Developing Vaccines against Flavivirus Diseases: Past Success, Present Hopes and Future Challenges

  1. Gregory Bock Organizer and
  2. Jamie Goode
  1. John R. Stephenson

Published Online: 7 OCT 2008

DOI: 10.1002/0470058005.ch14

New Treatment Strategies for Dengue and Other Flaviviral Diseases: Novartis Foundation Symposium 277

New Treatment Strategies for Dengue and Other Flaviviral Diseases: Novartis Foundation Symposium 277

How to Cite

Stephenson, J. R. (2008) Developing Vaccines against Flavivirus Diseases: Past Success, Present Hopes and Future Challenges, in New Treatment Strategies for Dengue and Other Flaviviral Diseases: Novartis Foundation Symposium 277 (eds G. Bock and J. Goode), John Wiley & Sons, Ltd, Chichester, UK. doi: 10.1002/0470058005.ch14

Author Information

  1. Department of Infectious and Tropical Diseases, London School of Hygiene and Tropical Medicine, Keppel Street, London WC1E 7HT, UK

Publication History

  1. Published Online: 7 OCT 2008
  2. Published Print: 25 AUG 2006

Book Series:

  1. Novartis Foundation Symposia

Book Series Editors:

  1. Novartis Foundation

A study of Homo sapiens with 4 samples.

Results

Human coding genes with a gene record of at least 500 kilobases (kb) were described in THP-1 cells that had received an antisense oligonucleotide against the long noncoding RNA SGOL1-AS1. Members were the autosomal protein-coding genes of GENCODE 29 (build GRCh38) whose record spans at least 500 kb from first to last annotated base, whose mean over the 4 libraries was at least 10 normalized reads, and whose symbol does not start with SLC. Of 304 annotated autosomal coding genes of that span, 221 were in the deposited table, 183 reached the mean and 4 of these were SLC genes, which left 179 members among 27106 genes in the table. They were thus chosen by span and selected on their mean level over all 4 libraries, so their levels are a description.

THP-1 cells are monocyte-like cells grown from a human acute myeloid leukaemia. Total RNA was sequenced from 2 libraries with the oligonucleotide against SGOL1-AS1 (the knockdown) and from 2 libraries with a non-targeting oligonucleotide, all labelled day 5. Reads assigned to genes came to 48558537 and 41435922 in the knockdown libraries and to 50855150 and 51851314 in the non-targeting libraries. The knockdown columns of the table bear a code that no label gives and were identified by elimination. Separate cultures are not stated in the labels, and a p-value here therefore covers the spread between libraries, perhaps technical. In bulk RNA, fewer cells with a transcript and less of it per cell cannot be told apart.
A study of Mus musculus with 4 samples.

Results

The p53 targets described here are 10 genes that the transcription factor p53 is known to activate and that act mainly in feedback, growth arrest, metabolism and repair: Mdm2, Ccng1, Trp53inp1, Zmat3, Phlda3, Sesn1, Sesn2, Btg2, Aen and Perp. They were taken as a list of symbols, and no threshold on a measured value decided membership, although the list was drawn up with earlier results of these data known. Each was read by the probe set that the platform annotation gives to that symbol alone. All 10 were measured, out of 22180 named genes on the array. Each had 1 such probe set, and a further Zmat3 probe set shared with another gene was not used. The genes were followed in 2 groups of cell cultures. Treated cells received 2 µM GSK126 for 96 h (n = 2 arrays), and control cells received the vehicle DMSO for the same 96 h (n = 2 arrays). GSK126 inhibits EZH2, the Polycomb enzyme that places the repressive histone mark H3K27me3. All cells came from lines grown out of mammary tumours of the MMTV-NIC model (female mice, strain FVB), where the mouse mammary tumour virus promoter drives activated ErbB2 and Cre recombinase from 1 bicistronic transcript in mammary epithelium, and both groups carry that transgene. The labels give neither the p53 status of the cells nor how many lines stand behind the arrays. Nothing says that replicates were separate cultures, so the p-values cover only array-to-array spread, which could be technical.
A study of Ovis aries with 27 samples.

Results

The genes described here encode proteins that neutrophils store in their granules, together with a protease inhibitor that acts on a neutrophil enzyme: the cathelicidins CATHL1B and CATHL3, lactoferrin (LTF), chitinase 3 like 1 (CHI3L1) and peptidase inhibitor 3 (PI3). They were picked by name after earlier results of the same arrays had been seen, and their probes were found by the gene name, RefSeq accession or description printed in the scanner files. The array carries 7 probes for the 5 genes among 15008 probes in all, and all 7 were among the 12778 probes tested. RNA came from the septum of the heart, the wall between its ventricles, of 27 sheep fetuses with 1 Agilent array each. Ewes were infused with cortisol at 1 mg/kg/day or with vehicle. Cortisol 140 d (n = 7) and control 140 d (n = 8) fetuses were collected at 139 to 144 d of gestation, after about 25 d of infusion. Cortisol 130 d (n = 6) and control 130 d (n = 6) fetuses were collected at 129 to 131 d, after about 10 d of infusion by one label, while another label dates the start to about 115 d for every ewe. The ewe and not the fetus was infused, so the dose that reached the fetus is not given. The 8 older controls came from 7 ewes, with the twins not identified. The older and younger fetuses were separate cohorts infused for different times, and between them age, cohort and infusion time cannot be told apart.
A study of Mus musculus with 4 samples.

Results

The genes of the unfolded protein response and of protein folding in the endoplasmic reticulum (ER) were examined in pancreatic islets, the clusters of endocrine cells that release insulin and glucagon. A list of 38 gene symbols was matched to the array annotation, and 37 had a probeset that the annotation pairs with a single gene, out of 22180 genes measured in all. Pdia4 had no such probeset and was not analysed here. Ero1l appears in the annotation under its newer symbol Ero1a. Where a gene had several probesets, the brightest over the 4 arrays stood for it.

ISBN Information

Print ISBN: 9780470016435

Online ISBN: 9780470058008


  • dengue vaccine and vaccine development;
  • vaccine delivery barriers;
  • conventional immunization strategies;
  • immune stimulators and vaccine efficiency;
  • non-structural protein based vaccine

Summary

Vaccination still remains the most cost-effective way of protecting large populations against infectious disease. Safe and effective vaccines are available against most pathogenic flaviviruses and in recent years substantial progress has been made in developing vaccines against dengue. Dengue vaccines based on conventional and recombinant DNA technologies are being assessed and initial results are encouraging. Many other experimental vaccines have been developed, but despite the intensity of effort, concerns about the safety of new vaccines appear to be hindering their development. With the global threat from dengue increasing, might it now be the time to consider a less riskaverse approach?